How AI pressure is making companies rethink cloud use

The cost of such transformation is rising, now boosted by a spate of generative AI tools added to the mix. 

Updated - July 24, 2023 06:39 pm IST

Published - July 24, 2023 05:49 pm IST

A Gartner report has predicted that through 2023, AI will be one of the top workloads that drive IT infrastructure decisions.

A Gartner report has predicted that through 2023, AI will be one of the top workloads that drive IT infrastructure decisions. | Photo Credit: Reuters

The shift to the cloud and the consequent boom in the sector was held together by its grand promise that any company could digitally transform itself and keep its data secure on the cloud. But the cost of such transformation is rising, now boosted by a spate of generative AI tools added to the mix.

Big Tech companies with fat cloud bills are facing something of a catch-22 situation as they are unable to opt out for the fear of being left behind. So, they are looking at more ways to cut corners. 

Making in-house AI chips to cut costs

On 11 July, at a semiconductor conference in San Francisco, IBM said it was considering using its in-house AI chips to lower the costs of cloud computing. Mukesh Khare, a general manager of IBM Semiconductors, said in an interview with Reuters that the company may use a chip called the Artificial Intelligence Unit in its new enterprise AI platform Watsonx. Khare noted that this would solve one of the big pitfalls of its old Watson system - high costs, as their chip was more energy efficient. 

IBM took the hint from other tech giants like Google, Microsoft and Amazon, all of whom are designing their own AI chips, with the hope that they can save money on their AI push. Up until now, the pressure was on an even smaller number of specialised chips, such as graphic chips, or GPUs, from NVIDIA. But the scope is widening to accommodate demand. Microsoft has reportedly accelerated Athena, its project to design its own AI chips. The Satya Nadella-led company hopes to make its AI chips available within the company and OpenAI by next year. 


Shift to on-premises

“AI and ML require specialized resources which are extremely expensive to build on-premises, even for very large enterprises. On the other hand, given the heavy use of AI/ML by competitors, enterprises do not want to be left behind in the race. The cloud offers an ideal solution for enterprises that need to strengthen the infrastructure required to build AI/ML into their growth roadmap,” Dharmendra Chouhan, Director of Engineering at big data cloud platform, Kyvos Insights said.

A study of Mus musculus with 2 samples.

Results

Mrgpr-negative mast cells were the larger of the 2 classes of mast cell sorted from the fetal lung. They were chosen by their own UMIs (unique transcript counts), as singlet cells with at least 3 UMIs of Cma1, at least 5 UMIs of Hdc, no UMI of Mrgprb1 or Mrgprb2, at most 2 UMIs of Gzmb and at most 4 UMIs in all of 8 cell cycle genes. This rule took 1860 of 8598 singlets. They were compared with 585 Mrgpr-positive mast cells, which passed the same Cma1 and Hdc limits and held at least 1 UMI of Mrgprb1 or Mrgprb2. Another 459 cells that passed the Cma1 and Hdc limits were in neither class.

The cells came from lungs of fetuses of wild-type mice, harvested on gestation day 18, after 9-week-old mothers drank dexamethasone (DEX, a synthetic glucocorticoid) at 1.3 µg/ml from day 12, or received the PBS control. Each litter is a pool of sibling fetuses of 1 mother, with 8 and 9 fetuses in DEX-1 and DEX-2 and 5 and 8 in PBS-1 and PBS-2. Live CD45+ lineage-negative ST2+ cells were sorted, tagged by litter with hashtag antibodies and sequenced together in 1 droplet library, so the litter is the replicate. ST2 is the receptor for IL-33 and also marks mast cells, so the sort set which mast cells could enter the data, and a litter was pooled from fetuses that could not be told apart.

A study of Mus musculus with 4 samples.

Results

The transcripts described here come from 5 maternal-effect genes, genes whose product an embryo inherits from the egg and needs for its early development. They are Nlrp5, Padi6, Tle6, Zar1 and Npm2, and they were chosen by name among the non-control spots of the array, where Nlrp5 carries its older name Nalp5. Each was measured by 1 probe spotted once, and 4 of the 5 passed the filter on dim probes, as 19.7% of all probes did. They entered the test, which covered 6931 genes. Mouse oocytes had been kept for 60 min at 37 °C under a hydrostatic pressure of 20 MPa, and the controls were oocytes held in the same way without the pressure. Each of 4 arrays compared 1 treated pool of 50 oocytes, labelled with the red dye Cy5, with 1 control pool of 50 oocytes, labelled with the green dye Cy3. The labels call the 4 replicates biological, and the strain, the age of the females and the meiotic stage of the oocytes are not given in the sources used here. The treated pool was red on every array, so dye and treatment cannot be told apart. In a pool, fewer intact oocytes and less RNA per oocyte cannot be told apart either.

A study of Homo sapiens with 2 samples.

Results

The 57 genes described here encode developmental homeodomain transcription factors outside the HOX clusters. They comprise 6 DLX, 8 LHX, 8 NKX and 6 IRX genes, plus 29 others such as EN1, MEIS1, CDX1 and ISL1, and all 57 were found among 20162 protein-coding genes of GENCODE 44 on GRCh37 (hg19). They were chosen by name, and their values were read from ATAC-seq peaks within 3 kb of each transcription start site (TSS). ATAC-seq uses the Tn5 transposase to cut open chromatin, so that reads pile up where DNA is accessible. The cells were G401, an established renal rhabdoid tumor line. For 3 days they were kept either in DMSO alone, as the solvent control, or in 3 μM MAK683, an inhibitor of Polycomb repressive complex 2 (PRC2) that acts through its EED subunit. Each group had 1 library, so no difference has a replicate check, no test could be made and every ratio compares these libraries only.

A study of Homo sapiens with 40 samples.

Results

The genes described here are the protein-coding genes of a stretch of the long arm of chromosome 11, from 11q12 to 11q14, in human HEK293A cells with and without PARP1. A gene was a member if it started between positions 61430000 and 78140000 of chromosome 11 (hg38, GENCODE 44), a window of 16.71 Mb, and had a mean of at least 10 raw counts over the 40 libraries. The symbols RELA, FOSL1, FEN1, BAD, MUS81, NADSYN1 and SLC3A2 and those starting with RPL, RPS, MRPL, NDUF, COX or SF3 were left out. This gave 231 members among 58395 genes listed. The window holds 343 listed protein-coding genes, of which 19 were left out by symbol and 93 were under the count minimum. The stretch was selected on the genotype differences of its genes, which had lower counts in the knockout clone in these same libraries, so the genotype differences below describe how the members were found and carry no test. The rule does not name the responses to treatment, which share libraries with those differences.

“The basic nature of the cloud is such that the more one uses it, the more the enterprise pays. This does not mean that an enterprise cannot control cloud-spend if it wants to leverage the power of AI/ML,” he added. According to Chouhan it is essential for the clients to figure out what they themselves need. “The choice of tools is one such factor. There are many open-source and commercial AI/ML solutions that look attractive from a functional point. However, one needs to also compare the cost of creating and using models while choosing a tool,” he stated. 

He explains, “The next thing enterprises need to consider for maximizing ROI is not trying to do everything on their own. There are and will continue to be many open-source and paid models that can be used as a base, and then trained for the specific data of that enterprise. The choice of a cloud provider is also an important consideration. Since hardware is a major part of the cost, one needs to identify the right cloud provider and also factor in the cost of specialized hardware provided by them.” 

AWS, for instance is trying to win over more customers with a lower price point. In a conference on July 11, Dilip Kumar, Vice President at AWS Applications spoke about how Amazon was better at lowering costs to train and operate AI models. “These models are expensive. We’re taking on a lot of that undifferentiated heavy lifting, so as to be able to lower the cost for our customers,” he said. 

An April report by Gartner has predicted that through 2023, AI will be one of the top workloads that drive IT infrastructure decisions, and this clearly has pumped up the demand for cloud services even more. 

Leaning on third-party services

This would also explain why enterprises may prefer to outsource managing and maintaining cloud to a third-party firm or a tool. 

Deepak Singh, the Managing Director at a cloud consultancy firm called G7 CR Technologies - a Noventiq Company, does exactly this. “Cloud platforms still provide several benefits, including scalable compute and storage resources, easy access to pre-configured AI tools and libraries, and the ability to handle peak workloads or demand. In many cases, a hybrid approach can be adopted, where businesses may use on-premises AI hardware for sensitive data processing or latency-sensitive applications, while leveraging cloud for tasks like data storage, distributed training, or deploying AI models. However, cloud will continue to play a crucial role in providing the necessary infrastructure and services to support AI development, deployment, and management at scale. In short, as long as AI’s trajectory remains bright, the cloud industry will have an enormous boom from which to benefit,” he stated.